WFH with a roommate or loved one? 5 ways to avoid killing each other


Your partner is bellowing into their conference call as you try to get reports filed. Your roommate showed you six memes in the last hour. Meanwhile, your manager sent over three more requests for you to complete by end of day.

The coronavirus crisis poses major challenges to the global workforce, even for those workers fortunate enough to have secure employment that allows them to work from home. Many employees with the ability to work remotely have found themselves working alongside their partner and/or roommates for the first time, competing for limited space, internet connection and attention.

I reached out to a few friends and experts for tips on how to navigate the sometimes-fun, sometimes-frustrating experience of co-working with significant others and roommates. Here is their advice:

1. Set clear boundaries

Setting up crystal-clear expectations for the workday is crucial, according to Sharon Emek, the founder, chairman and chief executive officer of WAHVE, a service that matches companies looking for workers with specific skills with experienced talent interested in working from home. Emek specifically recommends setting boundaries around workspace, explaining, “You have to set up the rules. If I close the door to where I’m working, then you cannot come in.” She advises that live-in partners and roommates establish boundaries early on but remain open to redefining the rules as needed. “It’s about being compassionate and helpful,” she says.

2. Share your communal space

Working entirely from your bedroom can be a recipe for disaster. Nicholas Bloom, an economics professor at Stanford University who has studied remote work, suggests that partners and roommates make an effort to share communal space, so that one person isn’t entirely relegated to their room. “People find (working in their bedroom) depressing,” says Bloom. He recommends that roommates create a schedule so that everyone gets a turn working in group areas. “One person gets the living room in the morning, one gets it in the afternoon,” he explains.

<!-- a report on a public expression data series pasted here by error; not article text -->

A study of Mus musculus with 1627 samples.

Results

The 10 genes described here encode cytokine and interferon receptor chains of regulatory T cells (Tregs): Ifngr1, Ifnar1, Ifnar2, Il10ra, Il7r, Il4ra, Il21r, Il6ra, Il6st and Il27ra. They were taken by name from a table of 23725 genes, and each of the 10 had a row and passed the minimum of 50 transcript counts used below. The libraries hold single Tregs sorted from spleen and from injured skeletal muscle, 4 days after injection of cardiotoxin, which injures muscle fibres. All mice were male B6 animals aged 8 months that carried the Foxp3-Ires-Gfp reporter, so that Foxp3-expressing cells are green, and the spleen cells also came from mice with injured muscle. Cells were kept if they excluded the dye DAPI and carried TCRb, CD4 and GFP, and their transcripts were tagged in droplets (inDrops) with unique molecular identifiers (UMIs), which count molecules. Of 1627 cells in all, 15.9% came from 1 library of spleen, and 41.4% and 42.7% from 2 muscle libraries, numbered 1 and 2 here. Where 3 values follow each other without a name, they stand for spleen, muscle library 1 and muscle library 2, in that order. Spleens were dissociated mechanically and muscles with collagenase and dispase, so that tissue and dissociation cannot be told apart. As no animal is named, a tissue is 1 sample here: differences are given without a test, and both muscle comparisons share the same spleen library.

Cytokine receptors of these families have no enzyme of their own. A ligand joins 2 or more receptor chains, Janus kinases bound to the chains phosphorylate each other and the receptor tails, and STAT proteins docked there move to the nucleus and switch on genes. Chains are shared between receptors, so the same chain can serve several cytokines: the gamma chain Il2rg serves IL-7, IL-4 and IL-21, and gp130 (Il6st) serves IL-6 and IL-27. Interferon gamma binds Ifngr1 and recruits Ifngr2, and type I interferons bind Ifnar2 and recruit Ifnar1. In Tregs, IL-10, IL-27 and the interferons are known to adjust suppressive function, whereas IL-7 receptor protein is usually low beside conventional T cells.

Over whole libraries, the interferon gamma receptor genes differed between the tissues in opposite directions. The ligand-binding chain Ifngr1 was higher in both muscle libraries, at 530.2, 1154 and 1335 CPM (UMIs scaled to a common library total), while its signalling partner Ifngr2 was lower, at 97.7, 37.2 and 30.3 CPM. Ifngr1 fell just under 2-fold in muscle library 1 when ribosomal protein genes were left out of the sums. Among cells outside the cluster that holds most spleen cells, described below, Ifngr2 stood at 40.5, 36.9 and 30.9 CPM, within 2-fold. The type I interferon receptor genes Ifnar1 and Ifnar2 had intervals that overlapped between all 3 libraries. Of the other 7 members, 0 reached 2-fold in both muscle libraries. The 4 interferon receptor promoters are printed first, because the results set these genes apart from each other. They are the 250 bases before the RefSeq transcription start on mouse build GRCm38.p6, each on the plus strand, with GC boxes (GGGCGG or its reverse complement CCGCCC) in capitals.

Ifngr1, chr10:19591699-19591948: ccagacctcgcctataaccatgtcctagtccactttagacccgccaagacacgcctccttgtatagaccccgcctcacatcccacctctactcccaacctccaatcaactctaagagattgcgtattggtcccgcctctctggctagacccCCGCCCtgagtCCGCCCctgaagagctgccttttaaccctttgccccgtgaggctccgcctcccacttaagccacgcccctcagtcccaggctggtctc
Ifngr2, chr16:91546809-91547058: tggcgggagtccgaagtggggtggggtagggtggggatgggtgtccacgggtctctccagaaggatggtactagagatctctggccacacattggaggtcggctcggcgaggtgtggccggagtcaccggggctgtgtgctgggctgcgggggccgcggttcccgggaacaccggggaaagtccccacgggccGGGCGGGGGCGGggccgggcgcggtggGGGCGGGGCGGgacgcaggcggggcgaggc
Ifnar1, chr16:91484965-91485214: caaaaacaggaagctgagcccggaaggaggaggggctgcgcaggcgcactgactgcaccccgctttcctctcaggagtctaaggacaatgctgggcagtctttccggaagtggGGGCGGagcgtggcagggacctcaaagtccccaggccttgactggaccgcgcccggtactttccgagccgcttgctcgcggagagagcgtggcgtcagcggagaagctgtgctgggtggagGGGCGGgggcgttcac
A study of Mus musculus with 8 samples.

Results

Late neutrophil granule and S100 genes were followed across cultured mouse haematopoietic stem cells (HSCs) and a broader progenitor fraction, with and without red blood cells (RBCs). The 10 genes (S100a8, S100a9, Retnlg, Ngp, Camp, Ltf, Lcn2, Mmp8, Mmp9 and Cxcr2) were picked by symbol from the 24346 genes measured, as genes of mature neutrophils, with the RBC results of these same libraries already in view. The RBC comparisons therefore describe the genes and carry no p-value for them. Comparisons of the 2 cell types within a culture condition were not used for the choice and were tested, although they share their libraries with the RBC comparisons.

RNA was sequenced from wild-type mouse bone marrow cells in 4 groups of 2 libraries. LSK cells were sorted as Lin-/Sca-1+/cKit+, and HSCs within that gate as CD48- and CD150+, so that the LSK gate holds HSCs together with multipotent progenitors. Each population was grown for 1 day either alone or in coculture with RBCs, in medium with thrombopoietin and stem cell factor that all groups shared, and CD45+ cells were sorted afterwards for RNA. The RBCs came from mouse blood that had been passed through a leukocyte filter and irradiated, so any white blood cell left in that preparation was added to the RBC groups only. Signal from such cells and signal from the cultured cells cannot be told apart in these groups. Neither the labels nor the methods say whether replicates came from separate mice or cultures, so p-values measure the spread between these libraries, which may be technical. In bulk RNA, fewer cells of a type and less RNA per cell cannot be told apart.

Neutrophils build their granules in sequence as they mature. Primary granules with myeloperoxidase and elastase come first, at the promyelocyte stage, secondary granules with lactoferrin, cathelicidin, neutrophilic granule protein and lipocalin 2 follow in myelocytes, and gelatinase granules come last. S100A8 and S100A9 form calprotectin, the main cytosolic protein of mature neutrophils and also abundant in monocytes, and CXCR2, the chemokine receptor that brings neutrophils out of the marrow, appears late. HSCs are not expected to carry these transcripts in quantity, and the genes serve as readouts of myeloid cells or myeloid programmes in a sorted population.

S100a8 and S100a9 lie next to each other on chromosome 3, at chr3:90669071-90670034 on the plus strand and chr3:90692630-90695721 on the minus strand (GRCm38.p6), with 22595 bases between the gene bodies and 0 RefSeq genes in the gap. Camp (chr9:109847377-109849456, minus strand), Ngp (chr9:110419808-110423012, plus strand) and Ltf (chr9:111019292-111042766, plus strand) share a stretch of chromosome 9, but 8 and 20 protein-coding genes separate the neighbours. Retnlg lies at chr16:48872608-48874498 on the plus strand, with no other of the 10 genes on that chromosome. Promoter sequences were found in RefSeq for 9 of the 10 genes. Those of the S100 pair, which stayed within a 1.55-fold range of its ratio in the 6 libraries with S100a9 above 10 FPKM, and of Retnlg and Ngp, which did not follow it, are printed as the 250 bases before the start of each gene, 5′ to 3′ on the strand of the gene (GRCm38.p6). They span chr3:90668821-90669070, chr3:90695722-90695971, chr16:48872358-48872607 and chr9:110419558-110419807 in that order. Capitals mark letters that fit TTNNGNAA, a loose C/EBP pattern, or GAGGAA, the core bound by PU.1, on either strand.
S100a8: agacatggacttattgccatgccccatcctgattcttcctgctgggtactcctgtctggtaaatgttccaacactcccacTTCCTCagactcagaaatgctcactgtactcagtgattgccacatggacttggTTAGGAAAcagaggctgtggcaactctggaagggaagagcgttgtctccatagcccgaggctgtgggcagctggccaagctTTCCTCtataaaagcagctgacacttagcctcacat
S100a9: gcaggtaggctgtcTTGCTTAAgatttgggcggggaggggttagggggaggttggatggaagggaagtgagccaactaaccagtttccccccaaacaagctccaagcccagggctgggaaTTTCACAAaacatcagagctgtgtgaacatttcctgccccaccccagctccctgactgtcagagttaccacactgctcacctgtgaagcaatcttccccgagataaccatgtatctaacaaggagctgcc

3. Protect your personal life

It’s important to establish a clear line between professional and personal life, even when both are taking place inside your home. Erica Hendry, a writer now working from home alongside two roommates in the midst of the coronavirus crisis, recommends separating work and non-work time and making a conscious effort to avoid distracting your roommates, the same way you would avoid distracting coworkers in the office. “Respect when people are in the zone,” she says. Emek cautions against using work devices in areas designated for personal time, like your dinner table or bedroom. She explains, “Don’t bring any electronics to your bedroom. Don’t bring your iPhone to dinner,” adding, “Make sure you do some family things together at night.”

4. Be sound-conscious

Another challenge that comes with sharing a home office is the inevitable noise disruptions when one or more roommates have to participate in conference calls. Hendry, the writer working remotely with her roommates, suggests that everyone sharing a home workspace have a conversation about phone call etiquette and preferences. “For example, Kit is fine with people talking on the phone in front of her while she’s working. But I still sometimes like to go to another space,” she explains. Others recommend creating a shared calendar for roommates to use to let one another know about conference calls as far in advance as possible.

Bloom also advises that partners and roommates invest in a quality microphone to limit the need to speak loudly over calls. “Being able to have a directional microphone makes a big difference,” Bloom says.

5. Take care of each other

Even if you have a secure job that is possible to accomplish remotely, working from home can put a strain on anyone’s mental health. “Check in on your roommate. Is there anything you can do to help them?” recommends Bloom. In addition to regularly touching base with your partner or roommates, it can be a good idea to take some time to lighten the mood.

Jocelyn Coffin, a social media manager, and her partner found a solution to the work-from-home blues: “Skye and I have been taking dance breaks together every two hours to keep things positive and lighthearted. We let Spotify pick the song and we dance for the entire length of whatever it is.”